Rural Georgia, 1954. Gas is 22 cents per gallon. Plaid dresses are the rage. Men still wear their trousers up to their armpits.
It’s a good year for America. There is a lot of money going around after the war. Cars are being churned out by factories, all painted bright and happy colors, with tailfins so big they could slice low hanging telephone wires. Everyone’s feeling pretty good about life. Cholesterol is still king.
Enter Marian. She’s not that old and she’s alone. She is a Georgia woman, and you know what they say about Georgia women. They are proud.
Her husband was killed in a Korean war, and she is childless. All she wants is a family of her own and to get in on all the good vibes going around in jolly ‘54. She wants a picket-fence. She wants two-point-five kids. She wants someone to love. And above all, she wants to ride in one of those huge cars with the exotic tailfins.
But alas, all Marian has is an old farmhouse that her late father left her. No family. And Marian suffers from the aftereffects of childhood polio. She has a pronounced limp. Her legs don’t work well. Marian has found that most bachelors in her era are not interested in a woman who limps.
So she is afraid she is turning into a spinster. An old maid. A fuddy-duddy. Arsenic and Old Lace.
On top of all that, her farmhouse is going downhill. The siding is rotting, the roof leaks. She doesn’t have the wherewithal to take care of this homestead, let alone to manage her chickens and victory garden. She could ask for help from her church, but Georgia women, as you’ll recall, have their pride.
Autumn comes. It brings crisp weather and new possibilities, which come in the form of two drifters. They are young, with fedoras and duffle bags. They are lanky, with Midwestern accents. Brothers. And they seem friendly.
The two offer to help take care of her place in exchange for three squares and a bed. Marian figures, why not? They look trustworthy and no other men in fedoras are applying for the job.
Marian cleans out bedrooms, starts cooking nightly suppers, and discovers that she really likes having company. And bonus: They are from Iowa and actually know how to work agricultural equipment. Even better, they know how to turn a profit with her land. It is a perfect match.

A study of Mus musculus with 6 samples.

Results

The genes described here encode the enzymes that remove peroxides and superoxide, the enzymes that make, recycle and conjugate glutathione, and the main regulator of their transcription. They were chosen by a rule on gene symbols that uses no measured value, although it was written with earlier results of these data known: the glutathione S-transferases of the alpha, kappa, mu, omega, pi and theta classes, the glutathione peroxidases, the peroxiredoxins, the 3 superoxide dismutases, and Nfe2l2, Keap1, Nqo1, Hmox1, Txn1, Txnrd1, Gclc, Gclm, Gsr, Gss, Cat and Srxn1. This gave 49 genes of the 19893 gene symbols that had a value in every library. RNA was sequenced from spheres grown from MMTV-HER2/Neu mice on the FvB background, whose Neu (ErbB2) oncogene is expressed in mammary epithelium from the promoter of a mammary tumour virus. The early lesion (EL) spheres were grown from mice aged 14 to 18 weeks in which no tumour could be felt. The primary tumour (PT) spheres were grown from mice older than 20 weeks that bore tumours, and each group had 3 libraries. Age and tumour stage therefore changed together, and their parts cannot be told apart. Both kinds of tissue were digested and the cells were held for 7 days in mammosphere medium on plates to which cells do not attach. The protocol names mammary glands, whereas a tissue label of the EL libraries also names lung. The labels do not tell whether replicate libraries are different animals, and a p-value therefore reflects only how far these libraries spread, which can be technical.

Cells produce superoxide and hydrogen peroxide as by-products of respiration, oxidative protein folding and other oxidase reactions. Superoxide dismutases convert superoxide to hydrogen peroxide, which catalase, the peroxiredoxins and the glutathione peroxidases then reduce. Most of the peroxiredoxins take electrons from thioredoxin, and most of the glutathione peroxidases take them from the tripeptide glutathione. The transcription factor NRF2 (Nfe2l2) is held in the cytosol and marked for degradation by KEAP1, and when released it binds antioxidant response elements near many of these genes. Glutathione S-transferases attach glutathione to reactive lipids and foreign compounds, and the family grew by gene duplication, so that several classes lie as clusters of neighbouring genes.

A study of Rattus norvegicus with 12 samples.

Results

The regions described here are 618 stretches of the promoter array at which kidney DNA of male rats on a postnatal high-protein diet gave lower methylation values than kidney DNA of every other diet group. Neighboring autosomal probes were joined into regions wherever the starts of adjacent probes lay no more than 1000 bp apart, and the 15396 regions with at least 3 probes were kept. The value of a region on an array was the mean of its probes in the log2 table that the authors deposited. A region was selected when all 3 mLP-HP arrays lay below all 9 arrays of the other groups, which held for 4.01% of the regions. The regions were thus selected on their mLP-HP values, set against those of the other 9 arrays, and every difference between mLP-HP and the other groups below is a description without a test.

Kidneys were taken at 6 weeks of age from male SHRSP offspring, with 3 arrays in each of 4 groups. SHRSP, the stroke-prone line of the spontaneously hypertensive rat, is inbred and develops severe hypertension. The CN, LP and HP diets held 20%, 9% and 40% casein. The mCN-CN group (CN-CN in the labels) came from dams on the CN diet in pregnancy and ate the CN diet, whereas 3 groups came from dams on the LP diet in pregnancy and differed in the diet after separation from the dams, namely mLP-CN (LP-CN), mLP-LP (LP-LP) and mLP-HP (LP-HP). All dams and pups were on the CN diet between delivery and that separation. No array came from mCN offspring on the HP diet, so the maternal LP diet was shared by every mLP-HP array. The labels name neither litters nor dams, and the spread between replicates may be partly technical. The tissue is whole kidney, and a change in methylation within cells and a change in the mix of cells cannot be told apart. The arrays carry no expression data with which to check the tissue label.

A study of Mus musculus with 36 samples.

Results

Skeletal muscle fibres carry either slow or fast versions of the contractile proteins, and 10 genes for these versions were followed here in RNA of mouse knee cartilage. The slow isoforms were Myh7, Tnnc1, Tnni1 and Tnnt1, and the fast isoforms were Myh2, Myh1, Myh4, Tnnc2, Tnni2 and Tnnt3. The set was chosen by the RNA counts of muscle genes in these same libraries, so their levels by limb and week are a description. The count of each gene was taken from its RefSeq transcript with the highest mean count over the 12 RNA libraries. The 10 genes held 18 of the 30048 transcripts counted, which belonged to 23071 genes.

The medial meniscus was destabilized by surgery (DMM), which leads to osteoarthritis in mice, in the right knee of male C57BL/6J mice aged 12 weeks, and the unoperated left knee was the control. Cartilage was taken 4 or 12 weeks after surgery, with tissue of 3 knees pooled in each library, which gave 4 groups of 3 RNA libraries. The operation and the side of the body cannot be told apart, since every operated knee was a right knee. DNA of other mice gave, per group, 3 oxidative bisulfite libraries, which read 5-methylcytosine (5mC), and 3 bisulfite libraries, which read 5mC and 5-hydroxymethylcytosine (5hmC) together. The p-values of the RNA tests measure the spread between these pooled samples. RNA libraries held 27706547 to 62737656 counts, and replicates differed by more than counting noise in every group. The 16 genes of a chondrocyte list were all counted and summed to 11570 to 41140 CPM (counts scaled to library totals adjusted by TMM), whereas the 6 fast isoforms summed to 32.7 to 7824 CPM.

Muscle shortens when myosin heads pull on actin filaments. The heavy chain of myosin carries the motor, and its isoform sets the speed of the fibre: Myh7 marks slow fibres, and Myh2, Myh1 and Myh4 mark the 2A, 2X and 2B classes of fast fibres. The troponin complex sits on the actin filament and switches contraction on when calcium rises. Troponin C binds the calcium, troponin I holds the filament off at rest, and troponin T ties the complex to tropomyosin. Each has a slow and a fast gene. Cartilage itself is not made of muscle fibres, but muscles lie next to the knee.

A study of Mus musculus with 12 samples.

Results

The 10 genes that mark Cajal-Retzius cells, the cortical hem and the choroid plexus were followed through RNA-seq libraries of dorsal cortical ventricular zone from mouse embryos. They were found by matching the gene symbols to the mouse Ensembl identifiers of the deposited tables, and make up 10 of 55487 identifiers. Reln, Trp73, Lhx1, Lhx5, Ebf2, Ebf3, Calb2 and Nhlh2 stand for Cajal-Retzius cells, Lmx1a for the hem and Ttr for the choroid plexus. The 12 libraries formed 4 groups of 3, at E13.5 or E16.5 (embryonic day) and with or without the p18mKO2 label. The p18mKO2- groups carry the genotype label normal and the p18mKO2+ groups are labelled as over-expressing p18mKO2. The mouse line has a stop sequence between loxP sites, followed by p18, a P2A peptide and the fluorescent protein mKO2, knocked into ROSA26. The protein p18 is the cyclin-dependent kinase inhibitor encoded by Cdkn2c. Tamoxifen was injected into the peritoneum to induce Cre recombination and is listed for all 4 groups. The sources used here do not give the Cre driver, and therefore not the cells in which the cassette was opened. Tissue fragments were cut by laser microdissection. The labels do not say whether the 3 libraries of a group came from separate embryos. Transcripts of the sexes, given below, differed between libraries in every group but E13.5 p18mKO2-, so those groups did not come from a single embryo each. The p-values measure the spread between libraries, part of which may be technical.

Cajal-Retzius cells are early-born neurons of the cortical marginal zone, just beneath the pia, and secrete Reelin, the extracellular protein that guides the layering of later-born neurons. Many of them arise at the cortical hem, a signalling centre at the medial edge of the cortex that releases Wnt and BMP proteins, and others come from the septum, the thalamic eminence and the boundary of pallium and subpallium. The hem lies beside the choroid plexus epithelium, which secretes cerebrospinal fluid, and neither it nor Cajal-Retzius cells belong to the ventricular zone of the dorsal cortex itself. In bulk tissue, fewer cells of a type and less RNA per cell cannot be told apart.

But all good things end. After six months of happiness the boys tell Marian they are planning on leaving for Iowa because they are homesick.
When Marian hears this she puts on a mock smile. She excuses herself and locks herself in her room to bawl into her pillows. She has grown used to hearing their voices, she doesn’t want to be alone again. She doesn’t want to return to sad suppers and paralyzing quiet.
Soon, the boys are knocking on the bedroom door, asking if she’s okay.
Marian swallows her tears and says, “I’m fine.” Because, like I said, Georgia women.
The next morning at breakfast, the two boys wear fish-eating grins. Marian says to them, “Just what’re you two grinning at?”
“We’ve changed our minds,” one boy announces. “We’re not leaving.”
“Oh?” she says.
“No,” says the other. “We wanna stay. We hope it’s okay, but we’ve invited our family to come visit. So instead of going home, they’re coming here.”
Marian is conflicted about this. On one hand she is glad they’re staying, but she doesn’t want pity. Secondly, she isn’t running a dadgum boarding house here. Then again—and I can’t stress this enough—she is overjoyed not to be alone.
In a few weeks the family arrives in a sky-blue Ford with huge rear fins that are so tall they interfere with commercial aircraft radar equipment.
Marian meets their middle-aged father, their two aunts, and their three sisters. The boys have no mother. Their mother died years before the war.
It is here that Marian is first introduced to their father. A tall man, with kind eyes, who—and this is my favorite part of this whole story—happens to walk with a limp.
That evening is filled with the joy of conversation and music from a radio. The house is alive with laughter and cheery voices and a kitchen full of giggling girls.
Before supper the boys’ father asks Marian if she would like to take a ride in his car. The music stops. This is followed by awkward silence. Everyone except Marian exchanges big smiles with each other.
The man escorts her into his car, and she falls in love with the machine. She’s read about these vehicles in magazines. The white upholstery, the spaceship-like control panel.
When the man climbs into the driver’s side, Marian takes a chance and asks him why he limps. The man lifts his pant legs to reveal a tiny, misshapen lower leg. A lifelong souvenir from a fight with polio.
Marian chokes back the saltwater gathering in her eyes. She shows him a pair of calves that look almost identical.
I’m running out of space here, but you already know where this story is going anyway. Marian and Clyde were married not long thereafter in a small rural chapel. Marian wore a white box-jacket suit trimmed with ivory fur.
Some people in town criticized Marian for wearing white since she’d been married before. And once upon a time, this disapproval might have actually bothered such a proud Georgia woman.
But as fate would have it, Marian was to become an Iowan for the rest of her life.
Until last week. When she was welcomed into a famous place where nobody limps.